Contractors and subcontractors
If your business hires contractors, it is important to know that some contractors may be your workers. This means you would be responsible for them as their employer and you would be required to pay premiums for their WorkSafeBC coverage.
When contractors are considered your workers
Contractors would be your workers if they do not operate as an independent business and are either not eligible for WorkSafeBC coverage or decline to purchase WorkSafeBC’s optional coverage.
Below are examples of situations where a contractor would likely be your worker:
- The contractor supplies only labour
- The contractor supplies labour and minor materials such as nails, drywall tape, or putty
- The contractor supplies labour and a piece of major equipment but is not registered with WorkSafeBC
When contractors are not considered your workers
Contractors would not be your workers if they operate as an independent business.
Below are examples of when a contractor would be operating as an independent business:
- The contractor has multiple contracts with different clients
- The contractor advertises and provides services to the public (more than one client)
- The contractor provides multiple pieces of major equipment
You may even need coverage if you are a prime contractor and you subcontract all work to independent firms or to other contractors with their own coverage. Please contact our Employer Service Centre so we can discuss your specific situation.
Confirming if your contractor is registered and paying premiums
If you hire a registered contractor who is not making required payments to WorkSafeBC, you could be liable for insurance premiums relating to the work or service they provide to you. To protect your business from additional insurance premiums, always get a clearance letter before and after you receive services from a contractor to confirm whether a business, contractor, or subcontractor is registered with us and paying premiums.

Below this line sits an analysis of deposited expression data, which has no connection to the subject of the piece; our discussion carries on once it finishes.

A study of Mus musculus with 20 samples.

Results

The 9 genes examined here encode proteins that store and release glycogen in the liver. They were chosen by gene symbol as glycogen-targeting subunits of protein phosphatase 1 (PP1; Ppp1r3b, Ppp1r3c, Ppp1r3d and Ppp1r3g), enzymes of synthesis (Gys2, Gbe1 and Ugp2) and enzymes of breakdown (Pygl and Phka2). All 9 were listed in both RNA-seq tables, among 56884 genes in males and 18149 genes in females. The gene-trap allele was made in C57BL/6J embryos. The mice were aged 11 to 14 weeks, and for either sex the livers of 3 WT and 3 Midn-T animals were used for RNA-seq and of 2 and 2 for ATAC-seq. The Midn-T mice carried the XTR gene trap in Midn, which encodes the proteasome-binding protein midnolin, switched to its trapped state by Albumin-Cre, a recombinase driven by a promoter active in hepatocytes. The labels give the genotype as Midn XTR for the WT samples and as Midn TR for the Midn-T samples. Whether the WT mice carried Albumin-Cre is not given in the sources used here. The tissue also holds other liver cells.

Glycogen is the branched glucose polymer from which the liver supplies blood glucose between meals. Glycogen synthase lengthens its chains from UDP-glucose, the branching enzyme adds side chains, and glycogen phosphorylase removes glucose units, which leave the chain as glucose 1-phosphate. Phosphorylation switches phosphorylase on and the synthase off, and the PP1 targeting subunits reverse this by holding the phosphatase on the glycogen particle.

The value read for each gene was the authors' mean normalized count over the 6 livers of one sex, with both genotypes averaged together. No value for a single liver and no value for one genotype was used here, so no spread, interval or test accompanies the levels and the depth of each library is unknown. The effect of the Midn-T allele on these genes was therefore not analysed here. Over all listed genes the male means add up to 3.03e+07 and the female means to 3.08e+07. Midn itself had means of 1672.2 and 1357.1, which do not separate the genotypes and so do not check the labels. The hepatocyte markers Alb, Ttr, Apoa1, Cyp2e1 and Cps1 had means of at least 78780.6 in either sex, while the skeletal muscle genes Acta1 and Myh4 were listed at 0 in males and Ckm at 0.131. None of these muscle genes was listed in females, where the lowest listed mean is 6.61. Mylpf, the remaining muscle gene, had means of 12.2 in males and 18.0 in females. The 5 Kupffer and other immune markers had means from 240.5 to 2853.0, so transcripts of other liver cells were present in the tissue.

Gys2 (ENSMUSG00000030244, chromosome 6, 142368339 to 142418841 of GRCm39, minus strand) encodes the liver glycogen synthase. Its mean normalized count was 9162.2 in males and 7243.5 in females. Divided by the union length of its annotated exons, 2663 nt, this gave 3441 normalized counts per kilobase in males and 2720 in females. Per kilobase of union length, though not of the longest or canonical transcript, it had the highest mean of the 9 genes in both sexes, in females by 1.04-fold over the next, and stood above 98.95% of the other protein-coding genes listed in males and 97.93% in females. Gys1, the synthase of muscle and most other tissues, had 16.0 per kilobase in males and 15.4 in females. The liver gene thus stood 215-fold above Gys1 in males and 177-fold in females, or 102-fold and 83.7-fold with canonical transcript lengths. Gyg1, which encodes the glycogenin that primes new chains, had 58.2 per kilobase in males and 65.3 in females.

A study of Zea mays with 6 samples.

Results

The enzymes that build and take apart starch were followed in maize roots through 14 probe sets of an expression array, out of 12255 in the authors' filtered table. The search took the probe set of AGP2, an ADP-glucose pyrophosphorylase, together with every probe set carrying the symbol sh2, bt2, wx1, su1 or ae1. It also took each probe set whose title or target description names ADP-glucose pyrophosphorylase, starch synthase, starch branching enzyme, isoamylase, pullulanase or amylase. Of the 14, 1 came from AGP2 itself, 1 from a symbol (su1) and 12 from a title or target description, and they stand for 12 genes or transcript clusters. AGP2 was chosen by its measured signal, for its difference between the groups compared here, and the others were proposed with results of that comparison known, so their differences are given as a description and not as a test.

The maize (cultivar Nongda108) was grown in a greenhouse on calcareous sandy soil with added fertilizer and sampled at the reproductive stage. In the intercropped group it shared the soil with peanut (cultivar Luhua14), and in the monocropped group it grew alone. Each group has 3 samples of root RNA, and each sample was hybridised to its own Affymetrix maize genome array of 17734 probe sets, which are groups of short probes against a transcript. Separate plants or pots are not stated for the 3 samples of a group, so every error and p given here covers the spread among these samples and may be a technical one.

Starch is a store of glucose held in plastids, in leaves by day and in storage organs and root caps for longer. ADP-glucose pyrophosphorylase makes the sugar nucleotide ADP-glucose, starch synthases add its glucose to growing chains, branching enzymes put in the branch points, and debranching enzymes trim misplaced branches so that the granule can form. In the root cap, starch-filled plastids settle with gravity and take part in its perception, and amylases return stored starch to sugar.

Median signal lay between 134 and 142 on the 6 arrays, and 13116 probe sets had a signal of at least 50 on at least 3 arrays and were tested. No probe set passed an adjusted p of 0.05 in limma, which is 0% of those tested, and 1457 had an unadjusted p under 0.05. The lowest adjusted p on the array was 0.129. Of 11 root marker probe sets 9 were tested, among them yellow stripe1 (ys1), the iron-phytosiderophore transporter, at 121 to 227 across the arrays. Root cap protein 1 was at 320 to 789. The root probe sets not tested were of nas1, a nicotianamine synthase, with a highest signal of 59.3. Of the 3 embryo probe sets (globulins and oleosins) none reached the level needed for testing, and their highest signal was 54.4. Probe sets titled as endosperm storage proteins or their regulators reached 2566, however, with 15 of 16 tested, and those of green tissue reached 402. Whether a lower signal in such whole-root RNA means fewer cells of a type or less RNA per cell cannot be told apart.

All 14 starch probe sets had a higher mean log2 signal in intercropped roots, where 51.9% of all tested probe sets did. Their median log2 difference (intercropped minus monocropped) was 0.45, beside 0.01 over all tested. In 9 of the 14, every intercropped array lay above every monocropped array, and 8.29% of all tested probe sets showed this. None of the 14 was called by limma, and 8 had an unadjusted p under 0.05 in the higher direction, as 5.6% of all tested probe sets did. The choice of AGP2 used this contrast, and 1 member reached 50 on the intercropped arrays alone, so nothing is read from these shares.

Contractors and Personal Optional Protection coverage
Some contractors operating as proprietors or partners may be registered for their workers’ coverage, but have declined personal coverage for themselves. These individuals are not covered under the Workers Compensation Act as workers, which means you could be open to a lawsuit if the proprietor or partner suffers a workplace accident.
Privacy legislation prevents us from advising whether an individual has purchased personal optional protection coverage. However, if this is a concern it is open to you to request proof of purchase of optional coverage directly from the contractor.
If you are the prime contractor in the construction of your own home
If you are the prime contractor in the construction of your own home, please learn more about coverage needs for homeowners.